Having recently carried out "formal" reviews with each of my team I know, for me, it is very valuable. Employee reviews are new to me.  I never had a review in all the years I was an employee so when it was suggested I carry out regular reviews with each of my employees I had no idea where to start.  So I have based my employee reviews on what I think I would have liked had I had one!

Team reviewsAs my team will tell you, finding time to have a formal review, by which I mean planned in advance and prepared for, is always difficult.  I plan to have them every six months but when workload is heavy and deadlines are looming they tend to be postponed but eventually we manage it.

We are a small team who interact on a daily basis so my argument initially was why do we need a formal review as we are always talking and catching up.   My door is almost always open so everyone knows they can talk to me when they need to whether it is about a customer or for some help with the task in hand.  

So whilst daily interaction is great to keep on top of work and occasional personal issues, I realised that a formal review is planned time and is an opportunity to discuss things more in depth.  Our reviews last for about an hour and I will have already spent perhaps an hour preparing for each.  I give my team a few questions in advance to help them think through what they would like to talk about.  The questions ask them to think about their achievements and what they have found difficult, their training needs or training desires.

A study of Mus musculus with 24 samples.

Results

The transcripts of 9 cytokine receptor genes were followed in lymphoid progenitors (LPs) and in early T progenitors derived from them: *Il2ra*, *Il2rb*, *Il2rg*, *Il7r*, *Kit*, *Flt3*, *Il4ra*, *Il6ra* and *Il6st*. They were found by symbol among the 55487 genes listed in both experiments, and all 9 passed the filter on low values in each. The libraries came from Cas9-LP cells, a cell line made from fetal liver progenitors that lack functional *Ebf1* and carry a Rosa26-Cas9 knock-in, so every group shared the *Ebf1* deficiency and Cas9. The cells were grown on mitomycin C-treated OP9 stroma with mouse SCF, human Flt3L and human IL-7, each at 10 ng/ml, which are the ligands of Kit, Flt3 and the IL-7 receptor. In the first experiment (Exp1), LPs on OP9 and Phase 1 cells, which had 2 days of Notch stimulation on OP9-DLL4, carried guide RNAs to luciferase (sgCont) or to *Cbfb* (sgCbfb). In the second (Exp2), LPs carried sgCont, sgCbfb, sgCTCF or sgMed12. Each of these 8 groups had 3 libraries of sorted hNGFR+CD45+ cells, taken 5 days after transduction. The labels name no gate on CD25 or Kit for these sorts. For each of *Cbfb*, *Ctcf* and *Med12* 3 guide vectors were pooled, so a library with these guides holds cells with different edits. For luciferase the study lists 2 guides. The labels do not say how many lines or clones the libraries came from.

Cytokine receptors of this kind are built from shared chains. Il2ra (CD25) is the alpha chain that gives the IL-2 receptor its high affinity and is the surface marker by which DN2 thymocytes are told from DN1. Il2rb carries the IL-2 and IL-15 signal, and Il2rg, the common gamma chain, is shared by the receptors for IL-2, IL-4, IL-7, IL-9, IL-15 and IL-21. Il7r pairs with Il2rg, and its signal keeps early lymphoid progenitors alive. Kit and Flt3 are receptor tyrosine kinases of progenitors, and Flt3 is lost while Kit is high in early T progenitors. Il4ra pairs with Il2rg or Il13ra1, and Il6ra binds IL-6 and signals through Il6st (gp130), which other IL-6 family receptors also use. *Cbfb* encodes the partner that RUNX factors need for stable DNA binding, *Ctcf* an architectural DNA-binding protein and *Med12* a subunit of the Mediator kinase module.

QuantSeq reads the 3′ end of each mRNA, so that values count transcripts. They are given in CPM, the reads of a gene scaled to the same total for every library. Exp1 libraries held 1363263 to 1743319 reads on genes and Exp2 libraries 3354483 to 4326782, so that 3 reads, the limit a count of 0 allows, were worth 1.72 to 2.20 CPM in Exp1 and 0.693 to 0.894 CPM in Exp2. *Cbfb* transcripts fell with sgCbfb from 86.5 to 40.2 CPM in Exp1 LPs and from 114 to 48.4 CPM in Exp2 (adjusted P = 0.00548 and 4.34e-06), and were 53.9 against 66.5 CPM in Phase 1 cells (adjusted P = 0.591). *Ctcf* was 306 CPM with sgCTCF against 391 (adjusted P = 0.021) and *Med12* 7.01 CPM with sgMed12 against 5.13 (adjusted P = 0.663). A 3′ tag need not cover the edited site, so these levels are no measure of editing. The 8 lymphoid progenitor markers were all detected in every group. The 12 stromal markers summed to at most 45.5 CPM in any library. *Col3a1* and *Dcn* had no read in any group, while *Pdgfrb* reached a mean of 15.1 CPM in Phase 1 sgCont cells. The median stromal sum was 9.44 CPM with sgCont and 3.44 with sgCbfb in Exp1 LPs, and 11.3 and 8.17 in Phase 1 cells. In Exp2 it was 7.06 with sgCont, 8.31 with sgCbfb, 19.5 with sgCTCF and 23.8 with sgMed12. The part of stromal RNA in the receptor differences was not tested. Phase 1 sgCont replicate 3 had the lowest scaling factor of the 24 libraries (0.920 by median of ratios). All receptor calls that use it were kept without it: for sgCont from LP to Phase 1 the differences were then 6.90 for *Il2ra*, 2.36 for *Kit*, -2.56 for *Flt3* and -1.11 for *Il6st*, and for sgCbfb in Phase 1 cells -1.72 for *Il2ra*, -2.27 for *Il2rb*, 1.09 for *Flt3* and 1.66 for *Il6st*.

My preparation for the reviews focuses mainly on their achievements since the last review.  This is the most valuable part of the preparation for me as I look back over what we have achieved as a business over that period and then break that down into how each member of the team has contributed to those achievements. Every team member will have achieved several things and it is a reminder to me just how the business has changed over such a short period of time.

No-one comes up with as many achievements for themselves as I do for them and they are surprised when I read out my list and when we talk these achievements through we can then usually think of some more.

So a review is a valuable opportunity to remind my team of what they are achieving and how appreciative I am of this. Without a great team who are committed to what they do we would not have the business that we have. The review is also an opportunity to just talk things through and it can yield some surprises and some interesting discussions which help me to plan - our day to day interactions would not necessarily evoke these discussions.  There are not usually any negative issues to discuss because these will have been dealt with at the time - a few months after the event is pointless - but it is a good time to give encouragement and discuss ways of developing different strategies if things haven't been working too well.

A formal review would not be complete without setting some objectives.  This is not something that comes easily to me but I have found that planning objectives and discussing and agreeing them helps to set out what I would like each person to achieve over the coming months.  It helps them to know what I expect them to contribute to the business growth and to their own personal development.  

Business Growth & DevelopmentReviews are still relatively new to me and I am developing them further each time but, although I took a little persuasion in the beginning, I now know that they are a valuable part of building and developing my team and our business.

How valuable are reviews to your business development growth and to the development of your employees?